7 Learning Habits to Thrive in a Chaotic World

David Shindler is a coach, facilitator, speaker, and blogger on jobs, careers and employability development. He is also the author of “Learning to Leap, a Guide to Being More Employable”.

A paradigm shift is happening today about the meaning of work, what a job is, what it means to be an employee and the changing nature of a working life. We are working and living longer, so it’s crazy to think of education as a single decade at the beginning of our lives when we might have seven or eight more!

Different employment patterns are emerging as the gig economy shows. We don’t yet know the full implications of artificial intelligence and automation on jobs. All of us may have multiple careers instead of staying in the same place for years.

What does this mean for your learning? What will help you leap towards your goals and dreams if instability and uncertainty are here to stay?

The Third Industrial Revolution was about simple digitalization. We are now at the dawn of the Fourth Industrial Revolution which is about combinations of technology. Data is king and information is queen. Their exponential growth means greater choice, but also greater complexity. Navigating a career path is less linear, more diffuse, and fragmented. We all need to learn to leap – develop new skills, new knowledge, adapt our mindsets and behaviors for changing personal and business circumstances.

Think the unthinkable and take nothing for granted because change will happen faster.


Consequently, lifelong and life-wide learning is essential to survive and thrive in a VUCA world (volatile, uncertain, complex, ambiguous). Work on these seven habits:

Be leaderly

See beyond the day-to-day. Think the unthinkable and take nothing for granted because change will happen faster. The number of job types is greater than ever. Yet, they will disappear and new ones will appear quicker than in the past. As Gandhi put it, lead in thought and action to be the future you want to see.

Be more, do less

Balance excessive doing with space for being. Let your mind wander for creativity and problem-solving. Practice mindful activities, that state of being that quietens the incessant chatter in your head and acts as an antidote to information overload.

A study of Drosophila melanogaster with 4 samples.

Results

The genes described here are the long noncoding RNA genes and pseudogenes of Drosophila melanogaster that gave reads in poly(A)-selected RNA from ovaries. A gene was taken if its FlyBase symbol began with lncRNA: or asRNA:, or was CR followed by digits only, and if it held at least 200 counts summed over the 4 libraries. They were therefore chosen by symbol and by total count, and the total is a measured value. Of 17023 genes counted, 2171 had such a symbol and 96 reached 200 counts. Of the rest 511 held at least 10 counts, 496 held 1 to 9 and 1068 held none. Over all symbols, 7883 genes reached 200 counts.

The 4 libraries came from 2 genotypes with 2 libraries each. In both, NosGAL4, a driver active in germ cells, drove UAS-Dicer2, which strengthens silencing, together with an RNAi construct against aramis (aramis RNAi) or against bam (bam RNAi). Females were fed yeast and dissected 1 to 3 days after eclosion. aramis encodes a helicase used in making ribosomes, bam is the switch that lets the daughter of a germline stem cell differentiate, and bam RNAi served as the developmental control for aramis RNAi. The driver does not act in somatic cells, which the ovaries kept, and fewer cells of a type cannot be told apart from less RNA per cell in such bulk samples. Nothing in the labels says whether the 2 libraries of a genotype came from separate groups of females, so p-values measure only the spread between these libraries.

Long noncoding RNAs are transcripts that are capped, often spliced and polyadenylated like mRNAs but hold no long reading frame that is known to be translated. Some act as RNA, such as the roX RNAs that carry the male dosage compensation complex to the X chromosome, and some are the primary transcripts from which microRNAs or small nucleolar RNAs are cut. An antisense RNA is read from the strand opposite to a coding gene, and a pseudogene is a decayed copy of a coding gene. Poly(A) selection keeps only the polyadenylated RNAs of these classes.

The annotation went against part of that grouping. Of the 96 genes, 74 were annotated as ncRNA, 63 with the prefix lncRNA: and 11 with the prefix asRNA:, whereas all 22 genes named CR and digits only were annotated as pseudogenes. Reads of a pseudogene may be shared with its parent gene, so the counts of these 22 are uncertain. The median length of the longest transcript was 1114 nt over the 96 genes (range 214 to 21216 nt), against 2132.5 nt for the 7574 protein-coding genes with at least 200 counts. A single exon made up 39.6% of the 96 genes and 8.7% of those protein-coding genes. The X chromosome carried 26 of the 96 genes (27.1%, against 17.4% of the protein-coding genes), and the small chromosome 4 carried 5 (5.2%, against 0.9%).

Question assumptions

Develop your ethical instincts for doing the right thing. Ask the right questions with skill. Challenge accepted wisdom (’we’ve always done it like that’). Be curious.

Focus on solutions

Propose ideas because you are best placed to see what needs changing. Experiment. See failures as part of the process of finding success (failing forward). Contribute to the real-world problem that most drives your energy and commitment.

Broaden your view

Look outwards as well as inwards – to your other people and the wider environment. Hone your antennae to spot and seize opportunities. Be proactive as well as reactive. Develop enough breadth and depth in more than one discipline. Not everyone gets their purpose just from work. That’s what lifewide learning is about. A personal interest can become a viable route to making a living.

Balance your behaviors

Get a balance between task-focused behavior and people-directed behavior, and between business ethics and social responsibility. In the age of AI, higher order people skills like emotional intelligence, problem-solving and judgment calls will carry greater weight than previous times.

Renew regularly

Reinvent yourself when your situation or goal is no longer the right one for you. Adjust your course if necessary. Twist for momentum rather than stick with apathy. Embrace ambiguity, uncertainty, and variety. Learn how to learn, unlearn, and re-learn – so you can leap in different directions at different times and be equipped to make a change no matter what the prevailing conditions. 

Which ones do you need to start or continue working on? What would you add?